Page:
According to a major new study [Nature Climate Change 2, 780–788 (2012)] the EU, the U.S. and the major developing countries allocate two thirds of their public R&D budget to energy-supply technologies, but as was identified in a recent review of US energy research and developmen [Department of Energy Quadrennial Technology Review (DOE, 2011)], there is a persistent under-investment in building, industrial and vehicle end-use efficiency compared with investment in clean electricity supply.
Directed innovation efforts (innovation targeted on a specific problem or need, in this case climate change mitigation) not only involve public R&D investments but the entire system of innovation for new energy technologies. This article assesses the balance between directed innovation efforts for energy supply and energy efficiency end-use technologies in response to the challenge of climate change mitigation.
The study finds that directed innovation efforts in energy technology have reinforced the dominance of the energy-supply industry over energy efficient end-use. It concludes that energy-efficiency in end-use is marginalized in directed innovation efforts. For example, since the late nineteenth century, for every dollar in US Federal subsidies to efficient end-use technologies, 35 dollars have gone to energy-supply technologies. As another example, since 1974 more public funding in developed countries have been invested into nuclear fusion than on all effcient end-use technologies combined.
The analysis concludes that there is a pronounced and pervasive asymmetry in the innovation system for energy technologies. As a recent example [Galiana, I. & Green, C. Let the global technology race begin. Nature 462, 570–571 (2009)], proponents of R&D-led climate change mitigation identified six technology options that deserved R&D support. Of the six, five relate to energy supply.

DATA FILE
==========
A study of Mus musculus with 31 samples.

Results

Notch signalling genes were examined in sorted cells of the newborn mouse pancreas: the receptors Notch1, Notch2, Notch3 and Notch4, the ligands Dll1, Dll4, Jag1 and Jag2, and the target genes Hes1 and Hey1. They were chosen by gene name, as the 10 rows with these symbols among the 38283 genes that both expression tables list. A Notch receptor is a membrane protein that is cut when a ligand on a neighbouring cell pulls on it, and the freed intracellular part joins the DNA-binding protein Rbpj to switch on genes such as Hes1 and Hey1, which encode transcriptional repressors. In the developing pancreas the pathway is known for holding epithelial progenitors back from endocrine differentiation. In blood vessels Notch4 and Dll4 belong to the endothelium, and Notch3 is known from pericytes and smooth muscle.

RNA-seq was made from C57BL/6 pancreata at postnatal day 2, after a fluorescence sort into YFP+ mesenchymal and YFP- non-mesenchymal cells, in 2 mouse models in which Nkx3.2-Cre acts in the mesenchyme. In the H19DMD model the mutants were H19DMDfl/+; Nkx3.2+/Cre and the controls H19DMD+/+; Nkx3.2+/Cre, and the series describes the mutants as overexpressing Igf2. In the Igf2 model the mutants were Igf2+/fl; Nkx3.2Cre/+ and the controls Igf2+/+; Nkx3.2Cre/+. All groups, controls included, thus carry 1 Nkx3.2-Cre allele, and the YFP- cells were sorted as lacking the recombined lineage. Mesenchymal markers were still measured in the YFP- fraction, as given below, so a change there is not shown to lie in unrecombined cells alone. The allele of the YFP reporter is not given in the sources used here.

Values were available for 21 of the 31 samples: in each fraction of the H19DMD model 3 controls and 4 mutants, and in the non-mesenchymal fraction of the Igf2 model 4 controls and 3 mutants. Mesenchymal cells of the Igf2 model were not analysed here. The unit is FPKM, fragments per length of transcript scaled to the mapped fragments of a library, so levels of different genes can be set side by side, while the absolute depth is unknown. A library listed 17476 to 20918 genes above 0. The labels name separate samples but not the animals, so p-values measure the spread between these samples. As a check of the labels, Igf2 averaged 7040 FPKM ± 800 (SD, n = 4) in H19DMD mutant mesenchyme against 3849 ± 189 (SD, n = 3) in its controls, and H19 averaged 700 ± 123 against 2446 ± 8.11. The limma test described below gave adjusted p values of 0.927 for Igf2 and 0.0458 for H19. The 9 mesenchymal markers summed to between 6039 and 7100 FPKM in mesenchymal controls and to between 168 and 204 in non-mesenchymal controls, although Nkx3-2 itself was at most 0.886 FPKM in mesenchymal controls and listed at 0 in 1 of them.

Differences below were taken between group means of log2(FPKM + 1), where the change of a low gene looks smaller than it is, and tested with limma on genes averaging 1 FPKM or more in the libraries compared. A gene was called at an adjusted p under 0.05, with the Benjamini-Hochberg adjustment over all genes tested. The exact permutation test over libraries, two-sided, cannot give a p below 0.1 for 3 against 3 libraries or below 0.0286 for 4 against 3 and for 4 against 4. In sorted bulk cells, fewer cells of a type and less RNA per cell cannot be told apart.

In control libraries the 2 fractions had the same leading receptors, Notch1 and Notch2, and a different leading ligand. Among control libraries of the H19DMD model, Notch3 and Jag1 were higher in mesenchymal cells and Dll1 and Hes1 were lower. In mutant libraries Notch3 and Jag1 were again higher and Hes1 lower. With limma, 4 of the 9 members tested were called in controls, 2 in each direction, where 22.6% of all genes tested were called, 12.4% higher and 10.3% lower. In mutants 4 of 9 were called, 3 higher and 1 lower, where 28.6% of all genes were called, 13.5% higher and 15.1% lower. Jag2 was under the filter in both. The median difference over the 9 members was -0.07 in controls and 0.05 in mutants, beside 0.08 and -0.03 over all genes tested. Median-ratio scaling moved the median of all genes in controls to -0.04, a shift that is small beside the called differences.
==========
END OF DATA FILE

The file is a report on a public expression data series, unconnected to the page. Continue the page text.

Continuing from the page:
The study also finds that directed innovation efforts are misaligned with their required outcomes. Inputs to the innovation systems fall into categories of analysis and modelling; technology roadmaps, collaborations, portfolios and programmes; public research, development and demonstration (RD&D) investments; and niche market investments. Outputs from the innovation system includes market diffusion, learning and social returns on investment, and mitigation potentials of energy technologies for climate stabilization. The study finds that whereas the outputs of innovation emphasize the importance of efficient end-use technologies, inputs focus on energy-supply technologies. For example, the magnitude of the subsidies for fossil-fuel consumption is estimated at about $500 billion, much larger than the estimated $160 billion invested in a post-fossil-fuel energy supply. As another example, renewable electricity supply (wind and solar PV) and smart grid technologies dominate public support for R&D. Directed innovation efforts are focussed on energy-supply technologies to mitigate climate change in an aready heavily subsidized energy supply market, effectively marginalizing effcient end-use technologies.
The overall conclusion is that directed innovation efforts are "strikingly misaligned" with the needs of an emissions-constrained world and that much greater R&D effort is needed to develop the full potential of efficient end-use technologies.